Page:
What it’s about:

Maurice (Peter O’Toole) and Ian (Leslie Phillips) are a pair of geriatric actors who spend their days bickering about their past glories, mixing up their medication, and scrounging for roles as corpses and senile grandfathers. But when Ian’s wilful grandniece Jessie (Jodie Whittaker) arrives to “take care of him,” Maurice is completely taken with her. Despite the six decades between them, an unlikely relationship develops as Ian teaches Jessie about life and culture, and Jessie reminds Ian of what it was like to be young.

What we thought of it:

Making a movie about growing old is always a risky business. It’s easy to slip into either broad farce or sentimentality, unconsciously neutralising this most uncomfortable of subjects. It takes a team like director Roger Michell and writer Hanif Kureishi to not only confront the topic of age head-on, but to add an even more uncomfortable aspect to the mix – sexual desire.

Michell, who is perhaps best known for Notting Hill, is no stranger to such stories. His last film with Kureishi, The Mother, explored a passionate love affair between a much younger man and a much older women. But, as tempting as comparisons are, Venus is a very different film. Where his earlier film is all physical passion and desperation, Kureishi’s latest film is a bittersweet love story, more about unrequited desires than any physical consummation.

It’s tempting to pigeonhole Venus as the story of a dirty old man, and that is certainly one way to read the film. But even the most prudish viewers will be hard put to resist the charm and compassion of Peter O’Toole’s performance. As his Maurice gazes at the crass, coltish Jessie, a half a dozen different emotions flit across his face – desire, affection, confusion, grandfatherly protectiveness – all of them jostling for position. It is easily his best performance for over a decade.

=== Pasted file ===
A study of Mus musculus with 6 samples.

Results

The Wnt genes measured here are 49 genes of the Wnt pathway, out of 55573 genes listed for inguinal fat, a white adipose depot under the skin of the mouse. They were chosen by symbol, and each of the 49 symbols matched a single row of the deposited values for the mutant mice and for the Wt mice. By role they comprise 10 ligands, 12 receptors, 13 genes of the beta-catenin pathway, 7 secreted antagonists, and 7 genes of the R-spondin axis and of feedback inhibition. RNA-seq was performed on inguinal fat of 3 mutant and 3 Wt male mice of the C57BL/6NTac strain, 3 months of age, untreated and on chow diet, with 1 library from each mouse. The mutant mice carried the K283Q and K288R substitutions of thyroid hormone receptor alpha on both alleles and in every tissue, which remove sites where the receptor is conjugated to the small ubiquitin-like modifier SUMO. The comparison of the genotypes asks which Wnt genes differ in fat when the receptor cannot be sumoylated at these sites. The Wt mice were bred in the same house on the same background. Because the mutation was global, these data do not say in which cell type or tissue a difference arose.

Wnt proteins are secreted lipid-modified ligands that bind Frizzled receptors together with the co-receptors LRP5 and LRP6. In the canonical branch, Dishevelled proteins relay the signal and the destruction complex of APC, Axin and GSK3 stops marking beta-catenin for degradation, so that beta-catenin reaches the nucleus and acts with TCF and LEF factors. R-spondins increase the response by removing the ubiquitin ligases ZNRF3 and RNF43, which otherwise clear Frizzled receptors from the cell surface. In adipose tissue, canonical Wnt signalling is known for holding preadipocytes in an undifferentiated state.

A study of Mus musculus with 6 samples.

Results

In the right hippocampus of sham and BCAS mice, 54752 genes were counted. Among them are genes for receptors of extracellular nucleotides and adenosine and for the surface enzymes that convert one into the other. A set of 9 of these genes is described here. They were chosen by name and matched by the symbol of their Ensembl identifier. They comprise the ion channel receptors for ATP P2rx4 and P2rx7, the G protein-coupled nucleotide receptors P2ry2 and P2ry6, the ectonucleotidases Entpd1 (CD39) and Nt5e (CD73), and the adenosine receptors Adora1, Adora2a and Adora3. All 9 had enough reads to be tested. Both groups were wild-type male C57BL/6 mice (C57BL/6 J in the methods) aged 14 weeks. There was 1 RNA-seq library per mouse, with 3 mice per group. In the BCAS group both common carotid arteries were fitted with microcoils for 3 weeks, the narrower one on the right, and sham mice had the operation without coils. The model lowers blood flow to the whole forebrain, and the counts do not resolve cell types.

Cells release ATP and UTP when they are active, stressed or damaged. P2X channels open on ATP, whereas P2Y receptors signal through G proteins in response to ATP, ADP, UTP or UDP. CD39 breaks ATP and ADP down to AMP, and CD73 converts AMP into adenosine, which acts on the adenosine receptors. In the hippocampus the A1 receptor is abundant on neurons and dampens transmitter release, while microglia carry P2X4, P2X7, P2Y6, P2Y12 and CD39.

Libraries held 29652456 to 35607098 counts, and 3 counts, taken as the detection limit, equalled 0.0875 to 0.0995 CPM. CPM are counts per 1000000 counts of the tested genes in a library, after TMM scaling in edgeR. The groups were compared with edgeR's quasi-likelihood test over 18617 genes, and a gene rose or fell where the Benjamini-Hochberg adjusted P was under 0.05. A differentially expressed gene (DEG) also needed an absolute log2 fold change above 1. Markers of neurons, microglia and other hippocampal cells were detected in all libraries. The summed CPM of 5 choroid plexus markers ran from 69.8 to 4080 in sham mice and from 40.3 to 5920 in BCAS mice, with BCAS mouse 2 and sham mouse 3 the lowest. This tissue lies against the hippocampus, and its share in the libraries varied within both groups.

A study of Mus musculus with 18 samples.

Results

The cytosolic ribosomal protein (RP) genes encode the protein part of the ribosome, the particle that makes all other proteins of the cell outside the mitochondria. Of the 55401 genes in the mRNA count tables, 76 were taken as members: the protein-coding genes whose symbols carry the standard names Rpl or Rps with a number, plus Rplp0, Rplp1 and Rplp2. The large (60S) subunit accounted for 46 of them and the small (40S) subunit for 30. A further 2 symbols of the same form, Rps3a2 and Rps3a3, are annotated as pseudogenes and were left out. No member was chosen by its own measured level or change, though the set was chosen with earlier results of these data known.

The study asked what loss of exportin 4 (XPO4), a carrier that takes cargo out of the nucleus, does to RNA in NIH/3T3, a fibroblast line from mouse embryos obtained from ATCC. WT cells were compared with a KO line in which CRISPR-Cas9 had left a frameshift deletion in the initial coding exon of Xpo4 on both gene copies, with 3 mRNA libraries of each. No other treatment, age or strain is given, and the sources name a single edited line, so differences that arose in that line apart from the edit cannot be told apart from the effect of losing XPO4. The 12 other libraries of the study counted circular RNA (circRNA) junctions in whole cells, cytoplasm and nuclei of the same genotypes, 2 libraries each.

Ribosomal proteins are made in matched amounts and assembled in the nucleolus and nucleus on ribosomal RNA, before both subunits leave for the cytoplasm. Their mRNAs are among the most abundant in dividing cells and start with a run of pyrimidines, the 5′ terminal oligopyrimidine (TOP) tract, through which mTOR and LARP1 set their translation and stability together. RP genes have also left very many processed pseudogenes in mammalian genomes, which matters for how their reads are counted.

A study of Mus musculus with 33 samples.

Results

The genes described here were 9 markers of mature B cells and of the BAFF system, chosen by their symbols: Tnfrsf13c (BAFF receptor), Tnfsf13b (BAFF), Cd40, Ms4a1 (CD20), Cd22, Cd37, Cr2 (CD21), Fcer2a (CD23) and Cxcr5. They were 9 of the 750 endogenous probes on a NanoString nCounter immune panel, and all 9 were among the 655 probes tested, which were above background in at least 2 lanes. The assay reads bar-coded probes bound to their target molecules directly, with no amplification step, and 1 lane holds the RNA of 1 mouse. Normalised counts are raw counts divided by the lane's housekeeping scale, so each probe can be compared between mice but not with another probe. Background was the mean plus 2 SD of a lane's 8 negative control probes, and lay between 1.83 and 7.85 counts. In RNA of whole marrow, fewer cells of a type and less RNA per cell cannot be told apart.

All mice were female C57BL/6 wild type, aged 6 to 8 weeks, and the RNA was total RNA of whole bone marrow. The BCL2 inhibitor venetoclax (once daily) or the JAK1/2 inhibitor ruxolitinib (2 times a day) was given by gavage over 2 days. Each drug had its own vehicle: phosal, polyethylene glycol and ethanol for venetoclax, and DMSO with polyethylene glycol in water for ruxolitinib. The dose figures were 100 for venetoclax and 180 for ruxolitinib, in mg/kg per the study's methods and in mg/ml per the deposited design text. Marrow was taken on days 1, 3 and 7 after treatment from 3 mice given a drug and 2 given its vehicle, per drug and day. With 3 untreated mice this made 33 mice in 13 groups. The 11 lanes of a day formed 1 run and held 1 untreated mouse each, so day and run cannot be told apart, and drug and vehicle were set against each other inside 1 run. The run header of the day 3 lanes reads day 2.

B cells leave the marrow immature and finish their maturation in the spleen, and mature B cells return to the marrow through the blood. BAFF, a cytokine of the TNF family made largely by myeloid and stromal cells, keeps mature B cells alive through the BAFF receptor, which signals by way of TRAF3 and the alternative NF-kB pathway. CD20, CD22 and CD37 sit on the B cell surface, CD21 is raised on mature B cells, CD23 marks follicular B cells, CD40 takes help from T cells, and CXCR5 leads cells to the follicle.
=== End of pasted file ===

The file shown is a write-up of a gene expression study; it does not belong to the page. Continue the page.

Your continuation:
But O’Toole’s brilliance would have been lost without a decent foil, provided here by Jodie Whittaker, whose consummate timing and tangible vulnerability belie the fact that this is her first film. She matches O’Toole beat for beat, never once seeming out of her depth. She even outshines the rest of the brilliant veteran cast – geniuses like Leslie Phillips, Vanessa Redgrave and Richard Griffiths – though to be fair their parts are much smaller and written more for comic relief than dramatic significance.

Yet, as with all of Kureishi’s work, there is more to Venus than a love story, however unconventional. The gentle, teasing scenes between Maurice and Ian as they totter around feebly, arguing constantly and occasionally spouting Shakespeare, are among the most tender and hilarious in the film. For once you get the feeling that a film is laughing with old men and not at them.

For all its humour, Venus isn’t light entertainment. There’s a tragic aspect to both the humour and the romance - a disquieting proximity to the indignity of old age and the spectre of mortality. But it’s also one of the most heartbreakingly honest and poignant films of the decade.

- Alistair Fairweather
This bitter-sweet comedy is a small piece of cinematic genius - funny, insightful, complex and tragic. Only Peter O'Toole could turn a story about a dirty old man into such a rare gem.


Venus I liked the fact that there is no attempt by the director to glorify or pass judgment on the characters portrayed in his film -- they are who they are and we are expected to accept them as such. Relevant moral issues are raised and viewers will obviously be left with serious questions about these matters that remain unanswered. However, are these not the hallmark of any good movie? An honest attempt at representing the emotions of an elderly man who has to face the reality of death while wanting to cling to life -- not wanting "to go quietly into that dark night".